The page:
4 Essential Pintxos — Basque Tapas — Bars In San Sebastián

It feels like the secret is out on San Sebastián. It was once a quaint town in the north of Spain, but now the crowds are hip to the incredible beach, artistic Parte Vieja, or old town, and incredible food at affordable prices. What else does one really need?

The fun with San Sebastián is wandering through old town in the evenings, hopping from pintxo bar to pintxo bar — pintxo are Basque tapas, usually skewered on toothpicks, often with a small piece of bread as a base — having a bite, and moving on. There are a lot of options to choose from, but don't fret if the array seems overwhelming. We've eaten our way through the streets and have highlighted the essential stops here. These are the must-eat pintxos in San Sebastián, complete with wine pairings.

Bar Goiz-Argi

Bar Goiz-Argi looks like a very ordinary spot from the outside. It's easy to pass by, but you'd be making a mistake. The interior is barren and the display of pintxos is basic, but look past all of that and zero in on the prawns, their specialty. Ask for the brocheta de gambas off the menu — a skewer of prawns freshly grilled and topped with red pepper salsa. Served on a slice of baguette, the prawns are so fresh they still have a snap to them.

Also recommended off the menu: the Mari Juli, which is named after the bar's owner. It's smoked salmon, Italian pepper, and smoked anchovy, and offers layers of smoke and salt that will make lovers of savory flavors salivate for more. And try a basket of piparras, which are guindilla peppers, fried. Some are hot and some are mild, which makes for a dangerously delicious game of Russian roulette.

To drink: Tío Pepe Dry Sherry. Sherry is underrated. This one has some notes of citrus and is creamy, making it food-friendly – especially with the salty, juicy, spicy flavors in the pintxos mentioned here.   

Bar Zeruko

Bar Zeruko is the talk of the town when it comes to pintxos. It's a lively place, usually packed. What attracts the hungry crowds is the endless array of sexy pintxos along the bar. A lot of places have dull, simple snacks on display, but Bar Zeruko's are particularly appetizing in appearance.

You can get started with a bite from the bar, but what you'll want to do is find a table so that you can order off the menu. Start with "La Hoguera de Bacalao" (the salt cod bonfire), which is really unique. A piece of salt cod is served on a mini-grill with a piece of smoldering charcoal underneath. The result is smoky, salty ecstasy. Another one-of-a-kind option is the hamburguesa detxipi, which is a "hamburger" made with cuttlefish — a fleshier relative of squid — with a black ink sponge cake as the bun.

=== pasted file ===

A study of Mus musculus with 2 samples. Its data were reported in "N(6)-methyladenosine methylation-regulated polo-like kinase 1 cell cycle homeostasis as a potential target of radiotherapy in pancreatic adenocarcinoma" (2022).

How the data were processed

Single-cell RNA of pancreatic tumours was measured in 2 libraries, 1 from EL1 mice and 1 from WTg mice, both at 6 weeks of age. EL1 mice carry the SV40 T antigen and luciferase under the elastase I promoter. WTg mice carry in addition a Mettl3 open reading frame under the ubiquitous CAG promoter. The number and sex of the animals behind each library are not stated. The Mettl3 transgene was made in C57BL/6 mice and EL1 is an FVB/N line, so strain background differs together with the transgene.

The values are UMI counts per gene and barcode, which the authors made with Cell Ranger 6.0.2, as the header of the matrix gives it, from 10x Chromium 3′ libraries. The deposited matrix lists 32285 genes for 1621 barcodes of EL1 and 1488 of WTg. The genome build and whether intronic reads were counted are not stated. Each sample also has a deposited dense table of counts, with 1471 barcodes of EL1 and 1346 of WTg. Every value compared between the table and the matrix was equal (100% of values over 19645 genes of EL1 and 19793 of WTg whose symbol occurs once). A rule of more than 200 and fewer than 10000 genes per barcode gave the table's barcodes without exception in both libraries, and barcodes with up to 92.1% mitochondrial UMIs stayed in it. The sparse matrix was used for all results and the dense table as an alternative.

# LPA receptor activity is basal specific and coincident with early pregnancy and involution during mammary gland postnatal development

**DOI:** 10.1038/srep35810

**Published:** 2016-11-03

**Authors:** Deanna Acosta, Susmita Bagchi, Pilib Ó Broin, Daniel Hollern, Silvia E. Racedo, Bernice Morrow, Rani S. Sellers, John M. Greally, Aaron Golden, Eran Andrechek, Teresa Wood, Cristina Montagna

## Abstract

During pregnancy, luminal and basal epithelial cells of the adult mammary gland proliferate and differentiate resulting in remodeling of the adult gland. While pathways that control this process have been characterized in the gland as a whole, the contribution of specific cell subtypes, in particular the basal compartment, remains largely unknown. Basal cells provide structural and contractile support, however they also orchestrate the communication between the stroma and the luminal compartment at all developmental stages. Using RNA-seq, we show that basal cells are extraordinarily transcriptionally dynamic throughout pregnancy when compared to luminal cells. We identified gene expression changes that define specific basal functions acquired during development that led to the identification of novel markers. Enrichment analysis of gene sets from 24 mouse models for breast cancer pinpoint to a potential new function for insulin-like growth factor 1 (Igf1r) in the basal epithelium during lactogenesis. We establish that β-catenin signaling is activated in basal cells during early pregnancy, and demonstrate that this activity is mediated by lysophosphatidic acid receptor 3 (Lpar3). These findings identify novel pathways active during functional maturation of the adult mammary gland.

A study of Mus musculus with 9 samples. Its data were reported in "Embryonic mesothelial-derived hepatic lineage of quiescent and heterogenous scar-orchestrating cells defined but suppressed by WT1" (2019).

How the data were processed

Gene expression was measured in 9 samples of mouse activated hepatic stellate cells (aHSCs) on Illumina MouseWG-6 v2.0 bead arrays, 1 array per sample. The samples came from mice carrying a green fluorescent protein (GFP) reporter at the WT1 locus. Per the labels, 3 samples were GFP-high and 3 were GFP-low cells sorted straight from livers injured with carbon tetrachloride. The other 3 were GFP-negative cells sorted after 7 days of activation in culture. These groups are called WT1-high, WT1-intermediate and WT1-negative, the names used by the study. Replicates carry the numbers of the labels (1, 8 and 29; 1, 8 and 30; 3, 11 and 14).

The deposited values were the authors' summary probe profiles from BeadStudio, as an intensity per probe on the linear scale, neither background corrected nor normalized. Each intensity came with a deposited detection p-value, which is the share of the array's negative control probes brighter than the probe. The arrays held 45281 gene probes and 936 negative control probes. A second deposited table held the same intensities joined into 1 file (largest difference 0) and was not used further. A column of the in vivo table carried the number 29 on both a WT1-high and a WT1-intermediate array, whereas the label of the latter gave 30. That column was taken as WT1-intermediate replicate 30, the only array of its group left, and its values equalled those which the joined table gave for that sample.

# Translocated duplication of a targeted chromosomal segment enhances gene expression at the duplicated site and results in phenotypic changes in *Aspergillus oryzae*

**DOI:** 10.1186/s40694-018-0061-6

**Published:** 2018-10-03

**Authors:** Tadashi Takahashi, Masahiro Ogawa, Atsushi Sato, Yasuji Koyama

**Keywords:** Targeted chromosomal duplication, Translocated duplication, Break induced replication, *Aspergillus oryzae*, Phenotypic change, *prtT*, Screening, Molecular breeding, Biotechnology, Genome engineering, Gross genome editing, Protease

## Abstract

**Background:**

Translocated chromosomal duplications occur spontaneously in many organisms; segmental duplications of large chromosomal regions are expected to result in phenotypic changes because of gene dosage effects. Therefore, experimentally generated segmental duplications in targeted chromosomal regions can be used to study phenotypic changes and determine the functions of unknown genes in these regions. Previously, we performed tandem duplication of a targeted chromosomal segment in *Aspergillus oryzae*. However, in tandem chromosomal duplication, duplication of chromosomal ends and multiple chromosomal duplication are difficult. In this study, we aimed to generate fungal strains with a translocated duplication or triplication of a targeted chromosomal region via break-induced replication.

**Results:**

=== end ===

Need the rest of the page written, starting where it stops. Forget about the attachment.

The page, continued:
To drink: Txacoli. You can't do pintxos without trying txakoli at least once. A lot of people mistake it for cider, but it is in fact a wine that's produced in the Basque Country, as well as neighboring Cantabria and parts of Burgos. It is effervescent, not quite sparkling, and has high levels of acid and low levels of alcohol. It is almost always white (though rosé and red varieties do exist). It's not meant to be aged, so it's very young and fresh. With the big flavors of the cod bonfire and the cuttlefish burger, txakoli works perfectly.

Bar La Cepa

For over seven decades, Bar La Cepa has specialized in ibérico ham. That point is highlighted when you enter and see the infinite ham legs hanging above the bar. You can't go wrong with any menu item that includes the ham, but there are other fantastic pintxos that are less obvious. This is a great place to order queso manchego con membrillo (manchego cheese with quince paste) if you haven't had it before. It's a local classic.

Another recommendation is the ensalada de tomate con tonito (tomato, pickled pipparas, local anchovies, and local tuna). It's San Sebastián on a plate: nothing fancy but the individual ingredients shine – especially the tomatoes and the tuna. If your vision of tomatoes is the watered-down version we so often find in North America, this will open your eyes to what they're supposed to taste like.

To drink: Beronia Crianza Rioja. You'll get a lot of saltiness from the ham, the manchego cheese, and the anchovies, so a wine with a "sweet" palate is perfect to give your tongue a break. I opted for the Beronia Crianza, which has notes of cherry and other red fruit. It's a well-balanced wine and is ideal in between those bites of ibérico.

Gandarias Jatetxea

Gandarias – like Bar Zeruko – is one of the more popular pintxo places in San Sebastián. It offers a large array of pintxos at friendly prices, ranging from four to seven euros (about $4.75 to $8.25) a serving. While there are no wrong turns to make here, this is a place that specializes in meat. Solomillo (beef tenderloin), served with a sprinkling of salt, is simple and succulent.

I also opted for my sweet ending of the night at Gandaria, with the torrijas, very similar to French toast — day-old bread revived with eggs, milk, and cinnamon. This is a classic Basque dessert, but, truth be told, a lot of places do a poor job of it. They know what they're doing at Gandarias, though, as the torrijas come out with a nice sear, adding texture to the soft inside.

To drink: González Byass Nectar Pedro Ximénez Sherry. For the red meat, I'd return to the Beronia Crianza, but for the dessert, I'd opt to go sweet-sweet. The Nectar is a different type of sweet than the dessert, rich with raisin and fig notes. It lingers in your mouth like melted chocolate. I'd be happy to have this drizzled over ice cream, but it worked very well with the moist, fatty torrijas.